Brandywine Realty’s (NYSE:BDN) 21% dividend cut in September last year brought the office property owner in line with peers across a space that has become the poster boy for the casualties experienced since the Fed embarked on a multi-year fight with inflation. Peers like Hudson Pacific Properties (HPP) and Office Properties Income (OPI) have essentially suspended their payouts entirely with the sector now facing an amalgamation of headwinds. Higher base interest rates have rendered debt expensive and meant a tapering of FFO as rising office vacancies from the new post-pandemic work zeitgeist add further pressure. The REIT last paid a quarterly cash dividend of $0.15 per share, unchanged sequentially and $0.60 annualized for what’s currently a 13.6% dividend yield. This is down from a peak of 21% in the summer of 2023 but still far above its historical average.
Critically, whether or not to buy BDN should be based on the future safety of a quarterly distribution now at levels last seen in 2016. The internally managed office REIT is currently swapping hands for 4.07x its annualized FFO from its most recent quarter, an incredibly cheap multiple that reflects continued market angst around the direction of the most troubled part of commercial real estate. To be clear, it would take an acquirer roughly four years for their initial investment in BDN to be repaid. Office property anxiety is only set to ramp up on upcoming debt maturities this year.
BDN has a roughly $2.13 billion total debt balance with roughly $350 million of this coming up for repayment in 2024. Overall, BDN has a very well-staggered debt maturity profile that is set against cash and cash equivalents of $58.3 million as of the end of its most recently reported fiscal 2023 fourth quarter.
FFO Coverage And Vacancies
BDN’s fourth-quarter FFO came in at $0.27 per share, down 5 cents from $0.32 in the year-ago quarter. This came against an operating property portfolio that was 88% occupied and 89.6% leased at the end of the quarter, both of these dipped from 89.8% occupancy and a 91% lease rate in the year-ago period. BDN is currently confidently covering its dividend by 180%, a high coverage ratio that matches with the prior coverage before the cut. Hence, the actual coverage figure is not important as office REITs continue their fight against the Fed and the structural shift in office work to a hybrid format. US national office vacancy rose to 19.6% in the fourth quarter of 2023, its highest-ever level and up from the average pre-pandemic office vacancy rate of 16.8%.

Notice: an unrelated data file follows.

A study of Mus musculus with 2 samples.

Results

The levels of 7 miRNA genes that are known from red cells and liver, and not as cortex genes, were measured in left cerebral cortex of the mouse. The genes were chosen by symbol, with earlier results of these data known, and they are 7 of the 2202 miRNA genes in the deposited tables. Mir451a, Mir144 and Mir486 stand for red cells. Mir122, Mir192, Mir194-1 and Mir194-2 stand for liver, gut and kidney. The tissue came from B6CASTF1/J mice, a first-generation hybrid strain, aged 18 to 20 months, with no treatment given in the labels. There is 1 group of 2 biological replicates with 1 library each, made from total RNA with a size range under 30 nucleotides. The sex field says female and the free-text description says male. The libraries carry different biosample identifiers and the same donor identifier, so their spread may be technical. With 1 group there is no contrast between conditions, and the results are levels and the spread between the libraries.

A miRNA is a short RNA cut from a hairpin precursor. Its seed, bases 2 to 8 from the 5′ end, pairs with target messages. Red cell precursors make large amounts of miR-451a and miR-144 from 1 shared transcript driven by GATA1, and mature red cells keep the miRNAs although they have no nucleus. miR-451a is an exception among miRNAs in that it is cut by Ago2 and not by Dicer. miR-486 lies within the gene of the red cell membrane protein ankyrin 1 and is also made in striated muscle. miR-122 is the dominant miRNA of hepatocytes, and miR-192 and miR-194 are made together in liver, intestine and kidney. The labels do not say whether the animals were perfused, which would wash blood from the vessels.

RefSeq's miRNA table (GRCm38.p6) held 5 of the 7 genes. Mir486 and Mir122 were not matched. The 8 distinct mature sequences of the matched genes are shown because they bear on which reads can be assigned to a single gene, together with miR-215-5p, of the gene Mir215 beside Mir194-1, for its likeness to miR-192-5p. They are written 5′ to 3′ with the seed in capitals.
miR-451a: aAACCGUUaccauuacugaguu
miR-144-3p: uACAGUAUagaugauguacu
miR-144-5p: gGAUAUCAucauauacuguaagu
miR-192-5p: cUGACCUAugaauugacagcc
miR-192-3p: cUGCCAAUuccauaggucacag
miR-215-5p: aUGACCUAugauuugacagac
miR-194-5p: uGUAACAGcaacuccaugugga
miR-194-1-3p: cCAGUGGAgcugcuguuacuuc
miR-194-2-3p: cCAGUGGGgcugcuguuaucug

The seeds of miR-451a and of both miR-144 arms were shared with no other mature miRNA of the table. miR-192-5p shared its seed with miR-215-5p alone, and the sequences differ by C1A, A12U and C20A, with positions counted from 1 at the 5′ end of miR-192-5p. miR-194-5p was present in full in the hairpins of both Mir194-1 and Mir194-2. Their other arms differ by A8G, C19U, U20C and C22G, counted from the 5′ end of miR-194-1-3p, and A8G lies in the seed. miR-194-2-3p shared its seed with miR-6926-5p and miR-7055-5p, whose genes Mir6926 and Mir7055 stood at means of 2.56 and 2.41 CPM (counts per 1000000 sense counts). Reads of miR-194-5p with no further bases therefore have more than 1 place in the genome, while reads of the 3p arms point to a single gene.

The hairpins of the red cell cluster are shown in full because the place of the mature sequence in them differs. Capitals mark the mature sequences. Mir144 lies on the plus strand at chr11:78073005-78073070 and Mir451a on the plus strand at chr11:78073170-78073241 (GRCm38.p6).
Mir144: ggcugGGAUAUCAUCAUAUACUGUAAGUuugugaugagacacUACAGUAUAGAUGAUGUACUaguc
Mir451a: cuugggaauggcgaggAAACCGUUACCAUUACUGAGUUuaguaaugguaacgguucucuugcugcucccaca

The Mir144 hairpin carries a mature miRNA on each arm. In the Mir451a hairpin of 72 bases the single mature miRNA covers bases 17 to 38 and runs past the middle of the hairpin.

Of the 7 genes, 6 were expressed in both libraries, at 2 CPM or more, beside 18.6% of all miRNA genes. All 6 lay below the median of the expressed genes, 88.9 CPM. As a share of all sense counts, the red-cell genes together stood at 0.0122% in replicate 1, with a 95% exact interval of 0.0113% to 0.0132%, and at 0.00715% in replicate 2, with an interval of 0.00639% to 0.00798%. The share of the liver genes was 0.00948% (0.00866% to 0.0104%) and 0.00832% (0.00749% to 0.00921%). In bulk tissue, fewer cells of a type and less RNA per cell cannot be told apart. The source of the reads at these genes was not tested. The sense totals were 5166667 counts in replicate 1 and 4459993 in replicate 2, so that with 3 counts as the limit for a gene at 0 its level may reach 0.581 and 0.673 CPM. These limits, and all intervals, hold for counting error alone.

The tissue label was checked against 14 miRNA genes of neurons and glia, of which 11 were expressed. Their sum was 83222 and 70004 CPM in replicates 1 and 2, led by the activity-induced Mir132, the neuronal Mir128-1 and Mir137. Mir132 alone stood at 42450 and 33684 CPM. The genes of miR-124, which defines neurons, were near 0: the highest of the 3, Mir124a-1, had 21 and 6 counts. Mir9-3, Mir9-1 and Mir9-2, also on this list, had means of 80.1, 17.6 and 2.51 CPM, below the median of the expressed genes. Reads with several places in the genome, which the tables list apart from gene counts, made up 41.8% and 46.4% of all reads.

BDN could choose to suspend the dividend or further reduce the payout to focus on debt repayments. For example, peer office REIT Vornado Realty (VNO) is not paying a 2024 dividend until the end of the year to focus on debt repayments. Whilst BDN has a favorable debt maturity profile, the REIT is facing at least $300 million of debt repayments this year net of its cash position. BDN’s $600 million unsecured revolving credit facility, which had no borrowing as of the end of the fourth quarter, will suffice to address this. Around 96% of BDN’s debt is also fixed. That BDN will not be forced to lean on asset sales to address its debt should provide leeway for the continued payout of the dividend at its current level. Hence, I think the current double-digit yield will be maintained, a prospect further bolstered by what looks set to be the first interest rate cut at the 1 May 2024 FOMC meeting. The US economy also remains strong despite expectations of a recession and a soft landing should form a tailwind for the besieged property owner.
Leasing Momentum And Fighting The Fed
A reduction of base interest rates forms one of the most potent near-term upward catalysts for BDN’s multiple. Initial market expectations of a March rate cut going into the year have since been pared back following the January FOMC meeting but there is currently a 60% probability that the Fed funds rate will be cut by 25 basis points from its current level of 5.25% to 5.50% in the May meeting. BDN’s leasing momentum has also been encouraging with 240,000 square feet of new and renewal leases signed during the fourth quarter, the figure for the full year was 1,517,000 square feet. Critically, the REIT also pushed through a 7.5% rental rate growth on a cash basis.
Whilst a recession could spark further downside, a floor seems to have been set in terms of valuation. BDN does face further risk as leases come up for renewal in an increasingly brutal US office property market but no material debt maturity until 2027 has set the REIT up to better navigate the continued commercial real estate minefield. I don’t have a position here though but I’d consider the dividend safe for a while.